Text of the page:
The Controlled Substances Act requires an 8-Factor Analysis from the HHS upon which the DEA makes it determination for all scheduling, or rescheduling, decisions. Previous efforts to reschedule cannabis have also been blocked by the DEA, who remain the most steadfast in maintaining their opposition to cannabis reform under the Obama administration

In anticipation of the DEA’s decision, Americans for Safe Access (ASA )drafted their own independent 8-Factor Analysis. ASA’s Senior Scientist, Dr. Jahan Marcu reacted to today’s DEA report, “Our report shows that the DEA failed to take into account over 9,000 patient/years of data with medical cannabis products used in gold standard clinical studies. Instead the DEA focused on outdated information from last century, animal research, surveys, and disregarded dozens of clinical trials that didn’t fit into their political agenda for regulating medicine. Furthermore, the DEA has misinterpreted several studies reporting non-serious adverse events of cannabis as an indication of a serious potential for harm. It’s like the 20 years, consisting of thousands of published research articles, never happened.”

The news of the DEA decision comes just a day after the National Conference of State Legislators passed a resolution asking that Congress remove marijuana from its current status. In doing so, they have joined members of Congress and health organizations, including the American College of Physicians and the American Academy of Pediatrics, calling for the DEA to act. In a letter dated June 23, 2016, addressed to the U.S. Attorney General and the DEA, Elizabeth Warren (D-MA) and seven other U.S. Senators requested an update on the DEA’s timeline for issuing a scheduling determination, noting that the rescheduling of cannabis and the resolution of other regulatory barriers to research is a time-sensitive matter that requires immediate action. The group commented that despite it being a Schedule I substance, 42 states have adopted medical cannabis programs, and the disconnect between state and federal law creates a host of problems for legitimate cannabis businesses and the ability to conduct clinical research.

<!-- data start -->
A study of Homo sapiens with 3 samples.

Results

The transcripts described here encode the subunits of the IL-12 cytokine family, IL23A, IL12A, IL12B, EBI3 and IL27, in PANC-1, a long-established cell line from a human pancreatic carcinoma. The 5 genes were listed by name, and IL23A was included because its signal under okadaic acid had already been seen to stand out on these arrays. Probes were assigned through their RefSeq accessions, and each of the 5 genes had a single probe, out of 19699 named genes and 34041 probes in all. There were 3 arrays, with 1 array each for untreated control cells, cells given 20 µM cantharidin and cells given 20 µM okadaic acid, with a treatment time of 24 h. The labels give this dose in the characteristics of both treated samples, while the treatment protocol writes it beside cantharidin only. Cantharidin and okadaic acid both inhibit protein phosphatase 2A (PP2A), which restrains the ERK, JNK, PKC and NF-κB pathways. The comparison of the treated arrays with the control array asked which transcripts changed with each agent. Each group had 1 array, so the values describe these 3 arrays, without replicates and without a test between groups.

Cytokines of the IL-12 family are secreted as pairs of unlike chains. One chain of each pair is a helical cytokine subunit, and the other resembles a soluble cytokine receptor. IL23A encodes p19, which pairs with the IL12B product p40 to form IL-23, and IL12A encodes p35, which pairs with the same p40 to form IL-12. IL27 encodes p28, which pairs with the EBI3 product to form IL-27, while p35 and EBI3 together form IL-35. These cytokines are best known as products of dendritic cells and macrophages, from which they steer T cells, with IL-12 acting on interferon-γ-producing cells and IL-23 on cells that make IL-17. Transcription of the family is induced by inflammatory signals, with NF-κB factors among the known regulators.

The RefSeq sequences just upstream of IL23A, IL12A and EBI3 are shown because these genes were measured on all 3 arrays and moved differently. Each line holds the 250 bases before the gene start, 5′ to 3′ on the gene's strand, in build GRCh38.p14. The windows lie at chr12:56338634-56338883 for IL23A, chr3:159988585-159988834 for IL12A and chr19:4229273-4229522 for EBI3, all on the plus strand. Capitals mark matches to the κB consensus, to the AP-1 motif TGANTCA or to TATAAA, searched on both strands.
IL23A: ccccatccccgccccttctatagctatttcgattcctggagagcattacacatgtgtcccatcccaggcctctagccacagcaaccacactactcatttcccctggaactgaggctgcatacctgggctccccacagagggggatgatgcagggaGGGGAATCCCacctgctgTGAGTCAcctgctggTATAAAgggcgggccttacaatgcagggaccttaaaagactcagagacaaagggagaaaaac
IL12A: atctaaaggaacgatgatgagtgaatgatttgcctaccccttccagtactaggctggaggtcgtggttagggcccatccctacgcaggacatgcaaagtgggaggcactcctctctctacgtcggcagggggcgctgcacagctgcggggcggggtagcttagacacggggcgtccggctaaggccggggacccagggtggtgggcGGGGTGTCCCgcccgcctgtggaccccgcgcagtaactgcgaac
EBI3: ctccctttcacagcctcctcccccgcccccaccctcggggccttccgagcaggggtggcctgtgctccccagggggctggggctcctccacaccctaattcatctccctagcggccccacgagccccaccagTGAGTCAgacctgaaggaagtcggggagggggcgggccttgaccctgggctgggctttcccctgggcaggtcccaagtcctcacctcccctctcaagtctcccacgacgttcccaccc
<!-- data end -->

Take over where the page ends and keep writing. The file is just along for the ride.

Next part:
“While many have speculated that placing cannabis in Schedule II would lead to a Big Pharma takeover, it’s actually the Schedule I status that is making this possible. As the HHS 8-Factor Analysis states, drugs containing cannabinoids can be placed in Schedules II-V while cannabis remains in Schedule I,” stated Mike Liszewski, ASA’s Government Affairs Director. “If placing cannabis in Schedule II would allow the federal government to shut down state programs more easily, the DEA would have done that by now.”

Patient advocacy groups like ASA, the Epilepsy Foundation, and several others have been appealing to members of Congress to reclassify cannabis for medical use for many years. In April, a diverse group of patient organizations sent a letter to the DEA urging the DEA to reschedule.

ASA Executive Director Steph Sherer reacted to the news, “This decision illustrates that the FDA and DEA are stuck in a semantic battle which has caused this current conflict between state and federal medical cannabis laws. This is evidence that the administrative process for rescheduling cannabis is broken and unworkable. It is up to Congress to rectify this situation by passing the CARERS Act.”

The Compassionate Access, Research Expansion, and Respect for States (CARERS) Act (S. 683, H.R. 1538), introduced in 2015, which in addition to rescheduling cannabis, would allow states to establish medical cannabis access laws and product safety regulations without interference by the federal government, and remove current obstacles to research.